Minnesota Statutory Short Form Power of Attorney Updates
August 7, 2014
financial power of attorney is a document by which an individual (the principal) designates an agent (the principal’s attorney-in-fact) to manage the principal’s financial estate should the principal become incapacitated or otherwise unavailable. Traditionally, in order to grant authority to the attorney-in-fact, the power of attorney document was required to specifically list every power transferred by the document (i.e., to buy and sell real estate, file tax returns, access bank accounts, etc.). This is called a traditional or long form power of attorney. In an effort to simplify the traditional power of attorney document, the Minnesota Legislature created a statutory short form power of attorney in the early 1980’s. The form utilizes a “check-in-the-box” system that links to Minnesota statutes which dictate the powers granted by the short form. While there are situations where a traditional power of attorney document is more appropriate, most Minnesota attorneys now draft statutory short form powers of attorney for many of their clients.
Last year, the Minnesota Legislature amended the statutory short form power of attorney document to provide greater protection to the principal and to include an explanation of the rights and obligations of both the principal and the attorney-in-fact. The new form took effect on January 1, 2014, and includes an “Important Notice to the Principal” that describes the purpose of the form, the powers granted by the document, the process for terminating these powers, and the duties of the attorney-in-fact. It also includes an “Important Notice to the Attorney-in-Fact” which summarizes the obligations of the attorney-in-fact. The form also specifically excludes the ability to make health care decisions from the powers granted; instead, granting this authority must be accomplished through use of a health care directive, health care power of attorney, or living will. The form adds greater protection for the principal by requiring that the principal specifically identify each attorney-in-fact who is authorized to make self-gifts.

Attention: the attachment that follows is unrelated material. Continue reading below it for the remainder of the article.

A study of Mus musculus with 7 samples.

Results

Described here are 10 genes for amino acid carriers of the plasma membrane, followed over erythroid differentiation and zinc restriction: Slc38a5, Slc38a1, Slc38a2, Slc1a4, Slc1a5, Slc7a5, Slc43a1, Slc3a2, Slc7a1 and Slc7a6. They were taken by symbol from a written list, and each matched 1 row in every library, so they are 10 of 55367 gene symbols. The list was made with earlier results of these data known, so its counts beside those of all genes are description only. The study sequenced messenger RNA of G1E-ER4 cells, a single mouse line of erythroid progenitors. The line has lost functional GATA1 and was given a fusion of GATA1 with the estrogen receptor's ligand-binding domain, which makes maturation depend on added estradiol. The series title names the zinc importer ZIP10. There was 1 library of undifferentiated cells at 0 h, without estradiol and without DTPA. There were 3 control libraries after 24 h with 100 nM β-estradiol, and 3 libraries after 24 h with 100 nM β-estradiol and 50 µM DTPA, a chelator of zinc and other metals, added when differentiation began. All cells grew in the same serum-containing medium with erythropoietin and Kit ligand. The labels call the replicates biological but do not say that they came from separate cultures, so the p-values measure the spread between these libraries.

Along with creation of the new form, the Minnesota Legislature passed a statute, effective on August 1, 2013 and applying to powers of attorney executed before, on, or after that date, that allows the principal to petition the Court to require an accounting from the attorney-in-fact, and allows for the principal to recover attorneys’ fees and costs if the Court finds that the attorney-in-fact failed to provide a required accounting. This statute, and the new form, were drafted to provide more detailed information to principals relating to the effects of the form and the authority it grants to an attorney-in-fact, to afford greater protection to principals in granting the authority, and to provide a description of the duties and responsibilities of an attorney-in-fact under Minnesota law.
A traditional or statutory short form power of attorney can be an effective tool to plan for an individual’s future incapacity. We encourage anyone over the age of eighteen to strongly consider seeing a lawyer to discuss creating their own power of attorney document. Please contact us if you have questions regarding this post or would like to discuss your own power of attorney.